All eyes are on the sunbelt 📊 May 3, 2020

Early polls show Texas, Arizona and Georgia within the margin of error for November

Welcome! I’m G. Elliott Morris, a data journalist at The Economist and blogger of polls, elections, and political science. Happy Sunday! This is my weekly email where I write about politics using data and share links to what I’ve been reading and writing. 


Good evening friends. I sent last week’s newsletter out on a Monday, bucking a long trend of Sunday newsletters. Though I had planned to go back to the normal weekend schedule this week, time got away from me gain yesterday. At least there’s an upside; last week, many more of you clicked on the newsletter than usual. We could switch the newsletter to Monday permanently, I guess, if I’m trying to maximize readership. We’ll see. Chime in via email if you’d like. In the meantime, here are some thoughts on data and electoral politics.

All eyes are on the sunbelt

Early polls show Texas, Arizona and Georgia within the margin of error for November

Aside from a rough sense of which states will be competitive, it’s hard to know far in advance of a presidential election just how competitive certain states will be. And the stakes for such calculations can be very high. The difference between a 20 and 40% probability of victory is huge when, for example, advocacy groups are deciding how to spend hundreds of millions of dollars.

Polls can be useful here. They help us figure out how things have changed since the last election. In our era of partisan hyper-polarization, even surveys fielded this far out from Election Day can be rather predictive of the actual results, and they certainly can help us gain an understanding of the distribution of ultimate outcomes.

I performed an exercise to this end over the weekend and wanted to share some findings with you all. The toplines are that Texas, Arizona and Georgia—long considered reach states for the democrats—have shifted to the left over the past 4 years and are just as competitive, if not more competitive, than the Midwestern states that decided last year’s contest. Of course, this is highly dependent on the national environment. Joe Biden is up by 6-7 percentage points nationally today. If his margin shrinks to 3-4 points by November 3rd, the lay of the land will shift too. But I digress…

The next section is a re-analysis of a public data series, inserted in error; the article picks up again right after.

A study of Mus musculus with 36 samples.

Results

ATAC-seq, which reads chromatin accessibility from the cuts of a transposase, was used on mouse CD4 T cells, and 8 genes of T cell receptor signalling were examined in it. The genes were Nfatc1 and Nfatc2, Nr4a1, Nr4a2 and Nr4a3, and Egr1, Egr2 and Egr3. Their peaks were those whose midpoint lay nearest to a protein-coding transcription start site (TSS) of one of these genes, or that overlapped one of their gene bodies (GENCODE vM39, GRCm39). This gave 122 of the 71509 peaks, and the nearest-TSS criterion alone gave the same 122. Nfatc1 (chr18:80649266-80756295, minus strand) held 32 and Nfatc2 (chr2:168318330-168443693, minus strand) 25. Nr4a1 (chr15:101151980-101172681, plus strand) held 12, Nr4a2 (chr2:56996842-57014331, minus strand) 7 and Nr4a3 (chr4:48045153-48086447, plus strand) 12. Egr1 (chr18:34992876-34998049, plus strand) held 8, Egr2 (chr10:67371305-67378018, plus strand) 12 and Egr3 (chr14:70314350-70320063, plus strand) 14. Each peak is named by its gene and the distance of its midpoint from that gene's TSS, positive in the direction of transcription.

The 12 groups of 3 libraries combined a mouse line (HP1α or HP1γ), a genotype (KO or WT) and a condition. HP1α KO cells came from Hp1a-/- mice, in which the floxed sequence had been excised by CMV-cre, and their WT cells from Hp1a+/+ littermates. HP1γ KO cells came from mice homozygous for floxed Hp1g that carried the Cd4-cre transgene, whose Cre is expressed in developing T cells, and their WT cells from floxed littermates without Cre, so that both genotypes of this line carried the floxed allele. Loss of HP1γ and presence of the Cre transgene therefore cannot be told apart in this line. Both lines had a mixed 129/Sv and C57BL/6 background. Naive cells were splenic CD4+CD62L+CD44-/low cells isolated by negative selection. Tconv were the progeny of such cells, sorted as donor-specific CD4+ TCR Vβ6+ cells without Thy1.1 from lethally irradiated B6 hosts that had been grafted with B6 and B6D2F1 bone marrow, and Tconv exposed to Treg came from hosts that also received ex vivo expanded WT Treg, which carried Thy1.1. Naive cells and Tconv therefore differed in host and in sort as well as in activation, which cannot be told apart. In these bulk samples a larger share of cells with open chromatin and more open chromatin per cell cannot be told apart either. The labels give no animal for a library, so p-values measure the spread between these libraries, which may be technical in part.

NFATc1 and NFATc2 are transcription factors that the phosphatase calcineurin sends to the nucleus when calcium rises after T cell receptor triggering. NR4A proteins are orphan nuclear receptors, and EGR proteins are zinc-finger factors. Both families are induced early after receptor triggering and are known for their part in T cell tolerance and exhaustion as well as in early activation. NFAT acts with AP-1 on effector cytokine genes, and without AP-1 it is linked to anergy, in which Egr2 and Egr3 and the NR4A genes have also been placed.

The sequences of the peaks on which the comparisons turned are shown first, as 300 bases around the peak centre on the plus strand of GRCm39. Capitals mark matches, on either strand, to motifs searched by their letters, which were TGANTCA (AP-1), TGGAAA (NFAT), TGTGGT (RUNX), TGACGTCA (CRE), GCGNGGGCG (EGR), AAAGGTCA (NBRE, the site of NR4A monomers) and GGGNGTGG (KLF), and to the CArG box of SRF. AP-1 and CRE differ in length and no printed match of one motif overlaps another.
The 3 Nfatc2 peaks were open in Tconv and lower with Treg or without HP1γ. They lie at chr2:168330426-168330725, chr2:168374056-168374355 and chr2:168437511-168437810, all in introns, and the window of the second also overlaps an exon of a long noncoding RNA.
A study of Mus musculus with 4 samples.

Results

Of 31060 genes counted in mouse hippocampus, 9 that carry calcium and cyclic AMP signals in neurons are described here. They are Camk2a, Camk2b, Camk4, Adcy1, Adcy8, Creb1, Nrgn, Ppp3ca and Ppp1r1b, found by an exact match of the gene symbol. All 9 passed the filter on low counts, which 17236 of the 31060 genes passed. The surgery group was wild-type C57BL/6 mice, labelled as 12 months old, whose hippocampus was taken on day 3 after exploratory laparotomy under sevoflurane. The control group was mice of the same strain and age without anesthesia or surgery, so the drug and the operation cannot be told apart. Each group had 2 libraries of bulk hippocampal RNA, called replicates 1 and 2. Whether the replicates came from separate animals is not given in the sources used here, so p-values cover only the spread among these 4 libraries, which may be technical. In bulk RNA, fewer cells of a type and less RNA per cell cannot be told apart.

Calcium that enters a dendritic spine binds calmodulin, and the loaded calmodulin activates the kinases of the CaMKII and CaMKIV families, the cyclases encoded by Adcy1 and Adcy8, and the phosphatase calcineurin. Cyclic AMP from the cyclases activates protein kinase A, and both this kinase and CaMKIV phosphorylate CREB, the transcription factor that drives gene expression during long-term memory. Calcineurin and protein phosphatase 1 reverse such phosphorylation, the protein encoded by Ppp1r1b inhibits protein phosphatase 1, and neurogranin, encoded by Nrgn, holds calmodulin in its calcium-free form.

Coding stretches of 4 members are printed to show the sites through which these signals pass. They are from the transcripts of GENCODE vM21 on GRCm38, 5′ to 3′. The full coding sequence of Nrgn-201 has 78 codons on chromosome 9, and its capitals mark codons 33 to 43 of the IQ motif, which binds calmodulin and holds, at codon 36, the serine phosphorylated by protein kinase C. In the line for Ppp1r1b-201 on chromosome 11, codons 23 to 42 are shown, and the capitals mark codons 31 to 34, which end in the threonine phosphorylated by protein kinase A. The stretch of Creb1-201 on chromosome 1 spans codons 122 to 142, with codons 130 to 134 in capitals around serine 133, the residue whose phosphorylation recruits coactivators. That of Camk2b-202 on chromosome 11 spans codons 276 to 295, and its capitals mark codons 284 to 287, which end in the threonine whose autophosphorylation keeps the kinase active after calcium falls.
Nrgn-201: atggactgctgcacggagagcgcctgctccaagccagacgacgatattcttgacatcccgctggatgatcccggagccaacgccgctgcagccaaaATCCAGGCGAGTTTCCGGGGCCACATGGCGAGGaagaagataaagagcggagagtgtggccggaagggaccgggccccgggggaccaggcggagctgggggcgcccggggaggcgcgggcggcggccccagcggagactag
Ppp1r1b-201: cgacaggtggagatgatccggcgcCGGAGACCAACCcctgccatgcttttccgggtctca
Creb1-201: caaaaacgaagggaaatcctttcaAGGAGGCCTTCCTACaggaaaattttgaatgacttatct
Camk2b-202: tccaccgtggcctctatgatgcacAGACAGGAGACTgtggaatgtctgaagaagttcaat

I figured this out by calculating a relatively simple average of the last 2 month’s of polls at both the national and state level. I just took an average of each state’s polls, with each individual survey weighted by the number of people it sampled.

There’s one obvious hiccup to this exercise: not every state has yet been polled. So I trained a simple linear model to predict current polling averages in each state given its 2016 Clinton margin, population density and share of voters that are working class whites. This let me predict polling averages for each state. The final “average” in each state is a blend of the regression’s prediction, which gets assigned a weight equal to that for a poll with an average sample size, and the polling average. This is a simple exercise, and the weights for the regression-polling blend in particular might be off, but I think it’s useful as a rough guide to the election. Here’s what the current lay of the land looks like:

A few things immediately jump out. The Midwestern swing states are all light blue, for example. But those Arizona numbers sure are something. And look at Texas! The model thinks Biden is down by 2 points there. Georgia is also competitive. Is the sunbelt the new rustbelt?

Here’s another chart that shows how far to the left/right each state has moved since 2016. Let me explain what’s going on. In Arizona, for example, the chart shows that Biden’s polling relative to his national polling lead is about three and a half percentage points higher than was Clinton’s margin in Arizona relative to the national vote. Similarly, Texas has moved three points to the left.

All these numbers are particularly revealing, but let’s focus in on Texas now. The shift there is particularly notable in part because it moves the state nearly to the border between a red and blue state, and also because the Lone Star State has the second largest haul of electoral votes.

This means we should expect it to be important in determining the electoral college winner come November. We can quantify its influence with a value called a “tipping-point” index, which is the percent of the time we expect the electoral college winner to be decided by a particular state.

To determine these values for each state, I built a simple little toy election simulator that varies the polling average in each state by the historical distribution of national, regional and state-level polling errors at this point in the election cycle. You can find all the data and code for this analysis up on GitHub. Those tipping-point probabilities look like this:

The data show that, if the polls are right, Texas will pick the winner of the election about 12% of the time. That’s higher than for any state aside from Florida, which the model thinks will pick the winner in 14% of simulations.

This table is the most important takeaway, I think. That Texas is the second most important state in determining the winner this November is a pretty notable deviation from last cycle. But Georgia and Arizona are also both pretty high up there, which is worth noting.

If the polls are right, the sunbelt will the the place to watch this fall.